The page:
Dr. S-W – 06/2020

In February the European Commission launched a debate on the safe and responsible use of artificial intelligence. In their White Paper it advocates a 'clear European regulatory framework', to protect civil and fundamental rights, including data protection, privacy, non-discrimination and consumer protection. 

The umbrella organisations of the German social security system participated with a Statement at the consultation. They point out that there is great potential in the development and use of artificial intelligence in a European exchange of experience. However, as far as social security and the services financed by it are concerned, supplementing already very general legal principles with an equally general "adaptation of the existing EU legal framework to take account of AI" does not bring additional legal certainty or added value. However, this does not preclude the possibility of reviewing certain individual provisions once more experience is available.

Especially with regard to the use in the administrative area of social security, the considerations about a potential use of AI are still in their infancy. For this reason, there is no experience in this country of dealing with the imperative of transparency, non-discrimination and final human decision making when using AI. Often it will be shown that fundamental problems exist in advance and independently of the use of AI, even independently of the use of algorithmic systems. This becomes clear when looking at first experiences of public administrations in dealing with AI and automatic decision-making systems in other (not only European) countries. Therefore, a discussion on a responsible handling of AI at the European level could provide very important indications for the German discussion that is now getting underway.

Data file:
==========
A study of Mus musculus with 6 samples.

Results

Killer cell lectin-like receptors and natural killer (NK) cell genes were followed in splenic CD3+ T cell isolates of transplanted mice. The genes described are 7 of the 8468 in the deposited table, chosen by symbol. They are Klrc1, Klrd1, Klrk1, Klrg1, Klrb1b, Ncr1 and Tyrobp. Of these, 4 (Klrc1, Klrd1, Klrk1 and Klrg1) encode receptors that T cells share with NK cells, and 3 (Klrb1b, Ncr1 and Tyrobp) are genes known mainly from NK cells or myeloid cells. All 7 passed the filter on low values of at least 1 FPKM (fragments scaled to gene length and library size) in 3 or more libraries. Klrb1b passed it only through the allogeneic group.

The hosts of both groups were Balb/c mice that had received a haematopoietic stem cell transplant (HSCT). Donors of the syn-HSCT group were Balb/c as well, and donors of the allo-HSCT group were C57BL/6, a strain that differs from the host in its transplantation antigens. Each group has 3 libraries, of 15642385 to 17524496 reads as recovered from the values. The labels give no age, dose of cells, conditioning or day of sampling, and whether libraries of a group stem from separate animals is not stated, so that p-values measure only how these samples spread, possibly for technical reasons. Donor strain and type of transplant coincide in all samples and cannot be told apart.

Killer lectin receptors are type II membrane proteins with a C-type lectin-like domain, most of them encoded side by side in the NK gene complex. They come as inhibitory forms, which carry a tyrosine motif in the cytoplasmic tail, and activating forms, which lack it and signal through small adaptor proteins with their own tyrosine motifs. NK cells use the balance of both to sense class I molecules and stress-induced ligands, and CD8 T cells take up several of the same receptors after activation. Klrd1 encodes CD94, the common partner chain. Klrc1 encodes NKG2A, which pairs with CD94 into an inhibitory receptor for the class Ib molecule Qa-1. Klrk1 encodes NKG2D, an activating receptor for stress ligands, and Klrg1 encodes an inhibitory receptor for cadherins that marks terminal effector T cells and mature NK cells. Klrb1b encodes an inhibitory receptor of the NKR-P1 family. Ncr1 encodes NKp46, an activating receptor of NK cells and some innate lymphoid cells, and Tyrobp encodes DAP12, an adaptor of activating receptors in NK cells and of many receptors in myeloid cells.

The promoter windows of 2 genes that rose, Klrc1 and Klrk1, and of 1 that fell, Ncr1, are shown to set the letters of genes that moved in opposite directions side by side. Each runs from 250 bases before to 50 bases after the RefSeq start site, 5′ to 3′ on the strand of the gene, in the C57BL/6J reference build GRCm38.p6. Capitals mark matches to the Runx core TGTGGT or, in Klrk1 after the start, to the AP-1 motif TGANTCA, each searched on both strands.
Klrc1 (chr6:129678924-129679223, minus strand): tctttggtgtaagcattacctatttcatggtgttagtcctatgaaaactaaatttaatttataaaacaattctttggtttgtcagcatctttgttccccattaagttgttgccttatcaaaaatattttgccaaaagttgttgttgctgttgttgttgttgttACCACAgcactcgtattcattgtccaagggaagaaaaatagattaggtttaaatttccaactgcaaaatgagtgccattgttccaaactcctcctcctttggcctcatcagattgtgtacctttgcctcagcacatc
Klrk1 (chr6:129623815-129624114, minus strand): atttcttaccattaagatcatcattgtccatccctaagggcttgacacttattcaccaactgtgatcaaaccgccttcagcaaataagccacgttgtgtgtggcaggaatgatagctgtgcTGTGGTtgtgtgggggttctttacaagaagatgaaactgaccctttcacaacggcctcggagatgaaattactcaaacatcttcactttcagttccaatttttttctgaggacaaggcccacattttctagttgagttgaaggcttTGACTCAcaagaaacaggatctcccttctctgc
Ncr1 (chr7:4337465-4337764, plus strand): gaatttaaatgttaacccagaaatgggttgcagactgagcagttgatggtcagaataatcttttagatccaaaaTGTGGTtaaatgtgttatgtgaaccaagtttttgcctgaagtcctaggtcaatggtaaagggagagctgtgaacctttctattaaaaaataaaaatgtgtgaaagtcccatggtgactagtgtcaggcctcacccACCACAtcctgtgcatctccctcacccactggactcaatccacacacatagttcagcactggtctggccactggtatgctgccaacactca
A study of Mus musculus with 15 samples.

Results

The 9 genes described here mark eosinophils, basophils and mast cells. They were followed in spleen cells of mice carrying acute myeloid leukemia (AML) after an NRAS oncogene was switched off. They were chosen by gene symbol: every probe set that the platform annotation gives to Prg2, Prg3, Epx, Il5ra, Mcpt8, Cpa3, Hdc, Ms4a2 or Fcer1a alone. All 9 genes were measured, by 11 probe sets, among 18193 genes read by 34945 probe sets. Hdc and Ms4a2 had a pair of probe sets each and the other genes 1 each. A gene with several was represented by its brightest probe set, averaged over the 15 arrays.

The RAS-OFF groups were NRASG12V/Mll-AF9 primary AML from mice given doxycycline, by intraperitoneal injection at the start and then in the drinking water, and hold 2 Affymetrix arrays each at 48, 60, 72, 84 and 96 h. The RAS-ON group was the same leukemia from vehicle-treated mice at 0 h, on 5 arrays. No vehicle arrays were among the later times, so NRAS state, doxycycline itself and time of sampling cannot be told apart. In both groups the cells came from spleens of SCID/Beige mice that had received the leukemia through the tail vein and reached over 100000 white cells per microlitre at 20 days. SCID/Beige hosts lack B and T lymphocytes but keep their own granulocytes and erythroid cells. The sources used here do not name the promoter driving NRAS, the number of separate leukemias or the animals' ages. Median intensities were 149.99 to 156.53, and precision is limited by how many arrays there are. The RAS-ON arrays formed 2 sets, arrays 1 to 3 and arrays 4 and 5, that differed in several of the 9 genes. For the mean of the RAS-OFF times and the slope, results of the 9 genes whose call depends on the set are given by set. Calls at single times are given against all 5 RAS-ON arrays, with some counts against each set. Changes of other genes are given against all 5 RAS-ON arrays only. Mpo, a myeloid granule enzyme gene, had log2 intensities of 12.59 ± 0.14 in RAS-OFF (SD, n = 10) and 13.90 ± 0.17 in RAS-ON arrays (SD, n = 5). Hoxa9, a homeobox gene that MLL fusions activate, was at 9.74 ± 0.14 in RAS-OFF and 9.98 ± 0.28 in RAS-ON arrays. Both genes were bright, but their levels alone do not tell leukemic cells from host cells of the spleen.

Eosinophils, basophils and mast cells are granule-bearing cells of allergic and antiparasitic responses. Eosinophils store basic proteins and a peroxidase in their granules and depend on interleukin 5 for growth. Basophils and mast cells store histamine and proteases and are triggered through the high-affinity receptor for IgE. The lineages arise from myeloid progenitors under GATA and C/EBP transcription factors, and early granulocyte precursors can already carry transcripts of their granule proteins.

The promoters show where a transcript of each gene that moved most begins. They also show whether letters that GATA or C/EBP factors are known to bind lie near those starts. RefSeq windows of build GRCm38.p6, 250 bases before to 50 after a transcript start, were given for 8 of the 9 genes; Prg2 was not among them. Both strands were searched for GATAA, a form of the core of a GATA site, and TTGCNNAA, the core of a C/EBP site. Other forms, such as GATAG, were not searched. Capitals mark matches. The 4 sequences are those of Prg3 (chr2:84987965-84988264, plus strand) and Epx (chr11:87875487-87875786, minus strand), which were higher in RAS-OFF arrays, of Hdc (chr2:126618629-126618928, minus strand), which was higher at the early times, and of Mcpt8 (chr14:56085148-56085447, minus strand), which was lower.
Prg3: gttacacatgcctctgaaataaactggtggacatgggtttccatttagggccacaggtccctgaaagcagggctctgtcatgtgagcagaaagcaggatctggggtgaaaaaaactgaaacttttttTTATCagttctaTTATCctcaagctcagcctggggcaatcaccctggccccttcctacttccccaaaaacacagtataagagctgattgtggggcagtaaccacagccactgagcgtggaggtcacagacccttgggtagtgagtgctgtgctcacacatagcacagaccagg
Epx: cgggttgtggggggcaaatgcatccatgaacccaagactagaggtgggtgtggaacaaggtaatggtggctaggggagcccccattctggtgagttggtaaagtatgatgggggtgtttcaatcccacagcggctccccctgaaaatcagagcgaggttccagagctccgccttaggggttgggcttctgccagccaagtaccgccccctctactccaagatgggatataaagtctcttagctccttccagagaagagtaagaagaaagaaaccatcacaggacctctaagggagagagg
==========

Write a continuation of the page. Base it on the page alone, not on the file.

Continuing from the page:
According to the position of the umbrella organisations of the German social security system, the use of AI and corresponding European cooperation has great potential for improving care, particularly in the health sector. In this context, a comprehensive use of data is also necessary, including the use of health data that are generated in the context of the provision of services by the statutory health insurance scheme or that are financed by it. This includes their use for training and learning of AI algorithms, as far as this serves e.g. to improve the quality of care or for research purposes.

However, it is important that we are cautious where data are concerned which not only concern facts observable in the natural sciences, but also include a legal derivation, e.g. in the question of whether an occupational disease or an accident at work is present. There is no direct comparability of such data here and it must first be examined whether a methodology for establishing comparability can be developed.